Orality and Learning: A Key to the Achievement Gap? : The Harvesting Diversity Blog

Orality and Learning: A Key to the Achievement Gap?

by Patty Bates-Ballard on 03/08/11

Statistically, African American, Latino American, and American Indian students experience lower academic success than White American and Asian American students. There are many contributing factors to the achievement gap.

One significant factor in academic success is the degree to which a student;s culture aligns with mainstream educational culture. While mainstream American educational approaches center on writing, independence, competition, and abstract thinking, education in much of the rest of the world utilizes many of the learning techniques and tools of orality, or oral communication.

The degree to which a student;s home environment is influenced by elements of his or her culture;s traditional orality may be commensurate with the degree to which the student struggles with mainstream educational approaches.

All societies throughout the world first communicated orally. Orality, or thought and communication that is verbal rather than written, is the traditional human form of communication. The world has produced over 3,000 languages, but less than 100 have been written down. While familiar with writing, many societies still communicate today primarily through the voice. All societies retain aspects of their oral tradition (such as the American jury system), and many societies in Africa, Latin America, and parts of Asia, the Arab world, and Europe retain significant orality.

Why does that matter? Our communication style, our understanding of education, and yes our entire worldview is impacted by whether we grow up with an emphasis on reading and writing or an emphasis on the spoken word.

Writing was developed around 6,000 years ago, and human memory has never been the same since. In his book Orality and Literacy, the widely esteemed researcher Walter J. Ong, Ph.D. explains that while promoting more abstract thought, writing has led to the underdevelopment of memory. Yet communication in oral cultures is structured to promote remembering. Eloquence and creative language, participation such as call and response, rhythm and movement, and verve and polarized discourse are some of the many tools that teachers with an oral worldview use to help their students learn and remember information.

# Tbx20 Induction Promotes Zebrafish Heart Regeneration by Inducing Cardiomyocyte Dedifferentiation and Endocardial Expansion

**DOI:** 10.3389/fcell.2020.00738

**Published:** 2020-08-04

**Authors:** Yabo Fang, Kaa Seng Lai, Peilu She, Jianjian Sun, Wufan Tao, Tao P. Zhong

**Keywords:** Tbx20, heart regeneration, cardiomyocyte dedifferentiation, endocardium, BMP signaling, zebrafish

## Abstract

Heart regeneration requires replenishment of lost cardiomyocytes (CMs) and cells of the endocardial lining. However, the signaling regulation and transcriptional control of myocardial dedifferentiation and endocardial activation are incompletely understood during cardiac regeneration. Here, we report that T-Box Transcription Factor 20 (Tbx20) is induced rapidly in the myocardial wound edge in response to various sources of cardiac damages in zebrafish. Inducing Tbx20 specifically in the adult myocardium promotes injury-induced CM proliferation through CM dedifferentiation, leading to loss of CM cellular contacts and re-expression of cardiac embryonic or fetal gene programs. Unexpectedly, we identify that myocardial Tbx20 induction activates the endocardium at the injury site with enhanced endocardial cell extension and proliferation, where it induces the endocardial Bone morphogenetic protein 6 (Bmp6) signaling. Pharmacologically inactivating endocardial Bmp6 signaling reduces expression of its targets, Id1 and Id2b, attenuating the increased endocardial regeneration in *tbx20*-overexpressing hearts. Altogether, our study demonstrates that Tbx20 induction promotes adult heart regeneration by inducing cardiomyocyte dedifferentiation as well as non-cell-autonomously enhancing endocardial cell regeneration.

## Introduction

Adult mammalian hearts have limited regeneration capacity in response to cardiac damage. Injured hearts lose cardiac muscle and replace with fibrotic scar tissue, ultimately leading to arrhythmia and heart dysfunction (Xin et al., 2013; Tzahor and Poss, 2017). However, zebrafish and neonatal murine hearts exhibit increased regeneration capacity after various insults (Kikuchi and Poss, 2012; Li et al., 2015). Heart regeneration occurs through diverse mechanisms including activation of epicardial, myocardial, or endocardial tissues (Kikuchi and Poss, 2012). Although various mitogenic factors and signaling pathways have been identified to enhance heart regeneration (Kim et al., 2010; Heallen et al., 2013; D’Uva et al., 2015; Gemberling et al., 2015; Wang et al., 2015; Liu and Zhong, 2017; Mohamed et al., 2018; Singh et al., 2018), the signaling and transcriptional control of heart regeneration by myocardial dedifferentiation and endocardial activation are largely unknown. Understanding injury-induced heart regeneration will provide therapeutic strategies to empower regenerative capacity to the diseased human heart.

In chirographic (writing-based) cultures, students look up information in reference books or on the web. They may rephrase content while copying it down, but often later forget it. In oral societies, teachers are the reference resource. So in oral cultures, there is no significant learning without a relationship with the teacher. Therefore, caring staff-student-parent relationships are another key to academic success for many children.

Teachers who come from an oral worldview, as well as those from a chirographic worldview who appreciate orality, know that spoken stories that provoke emotion are memorable. These teachers also know that students from oral-based cultures learn best when participating in groups. Perhaps most importantly of all, an oral worldview motivates learning through a practical focus that helps students understand how what they are learning relates to their own lives.

African American researchers like A. Wade Boykin, Lisa Delpit, and Deborah Ford, as well as Latino American researchers like Juan C. Guerra and Marcia Farr have documented how these characteristics appear in African American and Mexican American culture, and many have called on educators to utilize them more often to help bridge cultural learning gaps.

The Socha program offers a series of Culturally Compatible Education workshops that engage teachers as they explore these concepts and assist them in applying them to actual classroom scenarios and lessons. Please contact us for more information.